Decided: July 22, 1949.
PAUL S. TICHENOR, PLAINTIFF-APPELLANT,
ARTHUR W. MAGEE, DIRECTOR, DIVISION OF MOTOR VEHICLES OF THE STATE OF NEW JERSEY, DEFENDANT-RESPONDENT
Eastwood, Joseph L. Smith and Grimshaw. The opinion of the court was delivered by Eastwood, J.A.D.
[4 NJSuper Page 469]
The question for determination is whether the Commissioner of Motor Vehicles (now Director, Division of Motor Vehicles) lawfully revoked, without hearing, plaintiff's license to operate a motor vehicle in the State of New Jersey.
The case was tried before the Essex County Law Division of the Superior Court without a jury and on a stipulation of facts. This appeal stems from the affirmance by the Superior Court of the Commissioner's revocation of plaintiff's driver's license.
Plaintiff was convicted of operating an automobile while under the influence of intoxicating liquor in violation of the motor vehicle laws of the State of Maryland and his privilege to operate a motor vehicle in that State was suspended indefinitely. Defendant, under authority of R.S. 39:5-30, upon receipt from the Commissioner of Motor Vehicles of the State of Maryland of the record of plaintiff's conviction, revoked plaintiff's license to operate a motor vehicle in New
[4 NJSuper Page 470]
Jersey, first having given written notice to plaintiff of such proposed revocation and the ground thereof.
Plaintiff urges three grounds for the reversal of the judgment of the Superior Court, viz.: that (1) the action of the Commissioner was invalid because of the Commissioner's failure to grant him a hearing prior to the revocation of his license; that (2) his conviction in Maryland was "obtained by fraud" and "is a nullity;" that (3) his conviction in Maryland was not within the purview of R.S. 39:5-30 as constituting "other reasonable grounds" authorizing the Commissioner to revoke his license. We find no merit in these contentions.
The pertinent portion of R.S. 39:5-30 (as amended P.L. 1945, c. 256, p. 782, § 1) reads:
"Every registration certificate and every license certificate to drive motor vehicles may be suspended or revoked, and any person may be prohibited from obtaining a driver's license or a registration certificate, and the reciprocity privilege of any nonresident may be suspended or revoked by the commissioner for a violation of any of the provisions of this Title or on any other reasonable grounds, after due notice in writing of such proposed suspension, revocation or prohibition and the ground thereof."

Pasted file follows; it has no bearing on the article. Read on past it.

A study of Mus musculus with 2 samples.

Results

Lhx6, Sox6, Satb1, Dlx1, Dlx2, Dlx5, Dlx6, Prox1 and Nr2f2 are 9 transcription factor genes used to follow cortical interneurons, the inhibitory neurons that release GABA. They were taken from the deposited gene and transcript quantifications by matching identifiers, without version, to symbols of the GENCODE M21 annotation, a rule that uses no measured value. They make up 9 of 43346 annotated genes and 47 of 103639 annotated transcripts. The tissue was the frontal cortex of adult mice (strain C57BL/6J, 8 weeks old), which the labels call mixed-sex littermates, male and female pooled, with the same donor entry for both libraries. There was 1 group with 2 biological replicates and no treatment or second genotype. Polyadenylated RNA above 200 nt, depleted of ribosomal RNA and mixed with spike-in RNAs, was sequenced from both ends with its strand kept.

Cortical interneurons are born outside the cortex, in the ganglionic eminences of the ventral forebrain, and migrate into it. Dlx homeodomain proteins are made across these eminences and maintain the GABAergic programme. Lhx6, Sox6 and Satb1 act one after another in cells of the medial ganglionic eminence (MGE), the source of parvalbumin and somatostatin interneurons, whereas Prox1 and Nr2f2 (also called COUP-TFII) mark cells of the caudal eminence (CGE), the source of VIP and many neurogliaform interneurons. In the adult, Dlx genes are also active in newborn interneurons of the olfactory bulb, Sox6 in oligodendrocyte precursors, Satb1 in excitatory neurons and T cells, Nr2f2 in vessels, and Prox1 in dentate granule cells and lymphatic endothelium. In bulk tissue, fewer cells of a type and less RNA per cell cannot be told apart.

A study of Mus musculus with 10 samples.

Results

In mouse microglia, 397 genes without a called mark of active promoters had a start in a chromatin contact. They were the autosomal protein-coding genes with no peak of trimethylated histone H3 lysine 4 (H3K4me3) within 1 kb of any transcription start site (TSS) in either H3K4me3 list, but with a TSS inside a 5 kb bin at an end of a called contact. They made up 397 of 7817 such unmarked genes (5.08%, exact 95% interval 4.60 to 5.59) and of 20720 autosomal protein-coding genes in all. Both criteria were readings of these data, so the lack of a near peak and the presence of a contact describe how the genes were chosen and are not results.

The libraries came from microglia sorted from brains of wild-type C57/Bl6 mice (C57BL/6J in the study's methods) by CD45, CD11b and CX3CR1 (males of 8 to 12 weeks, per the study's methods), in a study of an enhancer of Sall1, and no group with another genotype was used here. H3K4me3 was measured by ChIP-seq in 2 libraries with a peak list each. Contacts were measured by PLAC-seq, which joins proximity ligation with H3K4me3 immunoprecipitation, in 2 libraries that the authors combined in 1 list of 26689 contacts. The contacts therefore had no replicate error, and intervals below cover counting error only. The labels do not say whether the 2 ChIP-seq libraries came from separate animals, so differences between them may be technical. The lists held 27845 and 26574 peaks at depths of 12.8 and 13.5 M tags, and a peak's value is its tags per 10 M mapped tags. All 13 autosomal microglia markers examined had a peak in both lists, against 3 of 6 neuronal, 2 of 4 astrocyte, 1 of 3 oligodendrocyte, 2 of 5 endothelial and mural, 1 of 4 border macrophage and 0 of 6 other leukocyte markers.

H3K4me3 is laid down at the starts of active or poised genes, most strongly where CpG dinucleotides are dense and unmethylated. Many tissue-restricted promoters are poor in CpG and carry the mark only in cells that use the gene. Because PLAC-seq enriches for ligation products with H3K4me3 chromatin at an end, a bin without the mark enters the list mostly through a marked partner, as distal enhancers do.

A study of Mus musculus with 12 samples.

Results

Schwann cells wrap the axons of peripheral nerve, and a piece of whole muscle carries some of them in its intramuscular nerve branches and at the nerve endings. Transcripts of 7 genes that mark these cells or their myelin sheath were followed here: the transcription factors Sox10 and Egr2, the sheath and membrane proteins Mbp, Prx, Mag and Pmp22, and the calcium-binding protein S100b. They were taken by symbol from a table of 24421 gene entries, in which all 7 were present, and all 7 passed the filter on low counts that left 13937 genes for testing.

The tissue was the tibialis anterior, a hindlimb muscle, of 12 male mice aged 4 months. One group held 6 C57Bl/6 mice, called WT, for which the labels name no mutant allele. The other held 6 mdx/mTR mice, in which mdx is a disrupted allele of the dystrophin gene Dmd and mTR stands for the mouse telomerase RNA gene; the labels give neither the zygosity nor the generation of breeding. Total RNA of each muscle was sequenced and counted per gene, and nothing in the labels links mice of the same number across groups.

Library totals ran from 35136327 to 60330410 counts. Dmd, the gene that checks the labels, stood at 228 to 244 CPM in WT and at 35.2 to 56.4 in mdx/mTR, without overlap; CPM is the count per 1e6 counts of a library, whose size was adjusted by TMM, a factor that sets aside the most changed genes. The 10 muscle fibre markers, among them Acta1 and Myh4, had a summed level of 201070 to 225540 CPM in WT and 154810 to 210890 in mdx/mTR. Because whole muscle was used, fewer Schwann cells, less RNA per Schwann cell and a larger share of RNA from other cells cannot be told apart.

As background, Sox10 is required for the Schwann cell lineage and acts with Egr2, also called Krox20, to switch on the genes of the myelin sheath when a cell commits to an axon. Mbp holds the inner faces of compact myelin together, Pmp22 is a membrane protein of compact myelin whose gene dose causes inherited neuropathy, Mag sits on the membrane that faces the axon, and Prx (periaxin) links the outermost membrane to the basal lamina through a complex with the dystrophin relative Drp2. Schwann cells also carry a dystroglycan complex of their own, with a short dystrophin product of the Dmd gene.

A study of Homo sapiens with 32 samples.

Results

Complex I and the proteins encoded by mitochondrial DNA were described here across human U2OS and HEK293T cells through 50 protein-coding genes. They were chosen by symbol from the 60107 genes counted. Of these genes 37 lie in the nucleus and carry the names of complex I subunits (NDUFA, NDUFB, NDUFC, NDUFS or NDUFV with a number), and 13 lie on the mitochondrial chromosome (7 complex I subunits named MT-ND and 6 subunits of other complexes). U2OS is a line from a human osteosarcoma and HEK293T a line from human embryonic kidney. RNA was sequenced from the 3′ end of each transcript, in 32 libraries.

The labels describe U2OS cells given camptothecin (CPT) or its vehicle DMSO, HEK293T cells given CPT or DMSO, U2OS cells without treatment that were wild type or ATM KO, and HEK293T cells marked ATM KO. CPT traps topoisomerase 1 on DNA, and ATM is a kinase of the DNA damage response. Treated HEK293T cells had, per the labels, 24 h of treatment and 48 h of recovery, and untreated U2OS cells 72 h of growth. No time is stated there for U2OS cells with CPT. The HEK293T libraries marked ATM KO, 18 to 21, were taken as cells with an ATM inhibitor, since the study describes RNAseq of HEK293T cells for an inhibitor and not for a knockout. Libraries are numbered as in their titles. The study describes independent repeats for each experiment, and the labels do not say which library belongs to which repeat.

Under R.S. 39:5-30, it is also provided that the Commissioner may hold a hearing "looking toward a revocation of a license or registration certificate issued by or under his authority." Plaintiff, in seeking a hearing before the Commissioner, was obviously attempting to get an opportunity to try out the issue of his guilt or innocence of the Maryland charge. His lack of prudence and diligence in meeting that issue in the foreign jurisdiction precipitated the predicament with which he has been faced by the action of the Commissioner. It is clear that the pertinent language of the statute grants the Commissioner discretionary authority as to whether he will conduct such a hearing. Unless it appears that the Commissioner abused his discretion, a revocation or suspension of license will not be set aside on that ground. Under the circumstances prevailing here, we are of the opinion that the Commissioner was not chargeable with any abuse of discretion in refusing to grant plaintiff a hearing.
We are satisfied that plaintiff's conviction in Maryland is reasonably comprehended within the term "other reasonable grounds" (R.S. 39:5-30) justifying defendant's revocation of plaintiff's New Jersey license. Upon conviction of a person for operating an automobile while under the influence of intoxicating liquor over the highways of this State, his right to operate a motor vehicle is forfeited for a period of two years. R.S. 39:4-50. It reasonably follows that one holding a New Jersey driver's license, upon proof of a conviction for that offense in another state, should not be permitted to continue to operate a motor vehicle in New Jersey. In the case of Hinnekens v. Magee , 135 N.J.L. 537 (Sup. Ct. 1947), while the factual situation is not analogous to the case sub judice , the court indicated its approval of the authority of the Commissioner to revoke a New Jersey driver's license upon proof of his conviction for operating a motor vehicle while under the influence of intoxicating liquor in another state.
We are convinced that plaintiff's conviction in Maryland was a sufficiently valid and reasonable ground as to have justified the defendant in revoking his New Jersey driver's license.
The judgment of the Superior Court is affirmed, with costs.